Understanding the Benefits of Interior and Exterior Shading Systems

Innovations and options in contemporary shading systems help create productive and healthy interior environments
By Jessica Jarrard

Learning Objectives:

  1. Identify the main health, energy, sustainability, and productivity advantages and disadvantages of controlled daylighting.
  2. Describe shading system options, including interior and exterior solutions, understand of how these solutions work in the field.
  3. Explain how custom shading systems can provide optimal solutions when off-the-shelf products aren’t sufficient, while maximizing the benefits of daylighting and still minimizing the hazards that come from too much light exposure.
  4. Discuss how shading systems provide energy-efficient solutions for occupants in addition to benefits for the environment.


1 GBCI CE Hour
SAA 1 Hour of Core Learning
This course is approved as a core course
This test is no longer available for credit

Building professionals increasingly recognize the benefits of natural daylighting to building occupants. Natural light is essential to the healthy functioning of our bodies, including the regulation of melatonin and hormones; people who don’t get enough natural light often have trouble sleeping. But windows provide more than natural light; they also connect building occupants to views of nature.


Photos courtesy of Draper, Inc.

Exterior Venetian blinds can provide excellent solar control, allowing in natural light when open and providing maximum heat and light reduction when closed.

The European Solar Shading Organization (ES-SO) guidebook on solar shading claims that workers who are close to an exterior window report 20 to 25 percent fewer major health complaints, while absenteeism falls by 15 percent when access to windows and daylight is provided. A study conducted by the California Energy Commission found that office workers also perform 10 to 25 percent better on mental function and memory tests when provided with the best possible view.

In 2004, Carnegie Mellon University’s Guidelines for High-Performance Buildings reported that maximizing daylight while reducing glare—along with adding responsive lighting controls—improves productivity by a median of 3.75 percent. Given that a productivity increase of 1 percent equals 0.8 percent of operating expenses, this study clearly shows that daylighting and daylighting control impact the bottom line.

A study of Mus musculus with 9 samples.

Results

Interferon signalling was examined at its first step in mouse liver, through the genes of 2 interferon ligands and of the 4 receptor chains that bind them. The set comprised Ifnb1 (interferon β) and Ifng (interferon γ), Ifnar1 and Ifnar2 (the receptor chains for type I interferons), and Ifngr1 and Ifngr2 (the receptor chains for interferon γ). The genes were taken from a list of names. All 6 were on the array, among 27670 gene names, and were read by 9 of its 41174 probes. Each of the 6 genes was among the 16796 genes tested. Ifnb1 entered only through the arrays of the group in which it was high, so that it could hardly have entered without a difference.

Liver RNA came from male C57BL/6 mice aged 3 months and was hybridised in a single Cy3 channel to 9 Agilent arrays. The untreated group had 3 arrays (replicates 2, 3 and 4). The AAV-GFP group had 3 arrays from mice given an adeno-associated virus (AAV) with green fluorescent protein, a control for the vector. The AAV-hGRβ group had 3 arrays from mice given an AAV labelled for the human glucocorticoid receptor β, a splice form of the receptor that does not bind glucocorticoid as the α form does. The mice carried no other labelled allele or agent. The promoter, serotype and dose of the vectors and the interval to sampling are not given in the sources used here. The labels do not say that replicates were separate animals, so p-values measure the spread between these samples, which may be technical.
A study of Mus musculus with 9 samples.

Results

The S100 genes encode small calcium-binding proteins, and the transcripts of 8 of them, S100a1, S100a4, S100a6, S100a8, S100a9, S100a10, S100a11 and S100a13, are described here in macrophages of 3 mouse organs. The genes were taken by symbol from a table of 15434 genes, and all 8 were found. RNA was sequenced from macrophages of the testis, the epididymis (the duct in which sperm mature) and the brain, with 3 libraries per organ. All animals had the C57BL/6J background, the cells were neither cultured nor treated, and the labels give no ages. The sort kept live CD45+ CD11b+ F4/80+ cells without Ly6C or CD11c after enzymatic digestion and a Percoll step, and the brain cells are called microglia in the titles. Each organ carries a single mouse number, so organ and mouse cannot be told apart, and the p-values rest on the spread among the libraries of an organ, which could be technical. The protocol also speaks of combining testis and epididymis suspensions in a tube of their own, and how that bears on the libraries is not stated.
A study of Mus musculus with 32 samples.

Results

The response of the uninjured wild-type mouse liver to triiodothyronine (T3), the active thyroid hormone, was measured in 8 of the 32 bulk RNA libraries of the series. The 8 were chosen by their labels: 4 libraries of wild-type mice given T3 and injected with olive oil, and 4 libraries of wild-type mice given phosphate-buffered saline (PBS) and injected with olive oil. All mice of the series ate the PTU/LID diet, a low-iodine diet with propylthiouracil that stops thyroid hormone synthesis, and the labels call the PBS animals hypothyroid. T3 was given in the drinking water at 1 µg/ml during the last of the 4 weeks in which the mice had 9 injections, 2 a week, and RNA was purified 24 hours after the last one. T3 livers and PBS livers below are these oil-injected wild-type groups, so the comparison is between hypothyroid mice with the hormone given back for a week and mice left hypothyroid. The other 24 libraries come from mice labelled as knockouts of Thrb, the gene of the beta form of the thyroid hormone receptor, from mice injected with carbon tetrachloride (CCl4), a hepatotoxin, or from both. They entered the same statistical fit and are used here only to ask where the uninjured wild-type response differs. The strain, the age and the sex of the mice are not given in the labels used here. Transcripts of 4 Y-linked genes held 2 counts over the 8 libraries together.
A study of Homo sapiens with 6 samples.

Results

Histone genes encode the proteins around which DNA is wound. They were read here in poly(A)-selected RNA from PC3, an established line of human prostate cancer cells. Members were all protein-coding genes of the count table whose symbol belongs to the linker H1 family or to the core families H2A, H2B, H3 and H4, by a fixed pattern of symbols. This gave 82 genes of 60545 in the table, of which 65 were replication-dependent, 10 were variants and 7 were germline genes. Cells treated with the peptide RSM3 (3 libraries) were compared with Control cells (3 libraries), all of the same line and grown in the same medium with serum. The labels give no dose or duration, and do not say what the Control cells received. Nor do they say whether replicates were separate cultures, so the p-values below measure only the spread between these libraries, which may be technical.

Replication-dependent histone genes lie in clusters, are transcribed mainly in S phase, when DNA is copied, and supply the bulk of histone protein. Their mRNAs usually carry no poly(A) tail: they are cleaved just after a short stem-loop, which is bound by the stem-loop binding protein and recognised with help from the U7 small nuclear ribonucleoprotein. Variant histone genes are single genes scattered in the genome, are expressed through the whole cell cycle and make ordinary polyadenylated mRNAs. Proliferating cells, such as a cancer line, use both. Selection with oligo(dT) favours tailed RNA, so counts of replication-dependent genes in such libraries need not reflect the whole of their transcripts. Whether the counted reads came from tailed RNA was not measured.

Natural light is also pleasing to the eye, and it creates dynamic patterns that enhance the aesthetics of building interiors.

Photo courtesy of Draper, Inc.

Glare from the sun can cause discomfort or disability glare for occupants.

Aside from their benefits, windows in buildings can create glare. Direct sun in the eye can cause disability glare, interfering with the occupant’s ability to see and work. Discomfort glare occurs any time the background brightness exceeds the brightness of the task. Glare can cause eyestrain, headaches, fatigue, and tension, ultimately affecting productivity.

A good rule of thumb for office environments is that the “bright-to-dark” ratio between the screen or work surface and the direct field of vision should not exceed 3:1; in other words, the work area should be no more than three times as bright as the area immediately surrounding it. The ratio between the screen or work surface and the indirect field of vision, or background, can be greater, but should not exceed 10:1.

The use of interior or exterior shading systems can effectively control light through glazing and, together with the artificial lighting scheme, contribute toward achieving good visual comfort and productive working conditions.

In addition to managing glare, it’s also necessary to consider solar heat gain—that is to say, the increase in temperature inside a building space from solar radiation. Solar heat gain is desirable during the heating season because it helps reduce energy demand from the heating system. But in summer, unwanted solar heat gain can increase the cooling energy load and create uncomfortable conditions for occupants. While good design can help prevent direct sunlight from penetrating the building during the summer months, window size and placement alone cannot stop unwanted heat gain.

The goal of any building design should be to maximize the use and benefits of natural daylighting while addressing the problems of solar heat gain and glare. Although building orientation, window-to-wall ratios, window placement, and glazing performance are important considerations, shading systems are usually required to control heat gain and glare through the seasons. To optimize energy use, shading systems should ideally be automatically deployed and adjusted to respond to the exterior conditions, with supplementary artificial lighting only provided when required.

Daylighting can create many benefits as well as challenges. While there isn’t a one-size-fits-all solution, modifications to existing shading systems, specialized solutions, and custom solutions can be implemented successfully to provide health and safety for occupants and well as energy efficiency.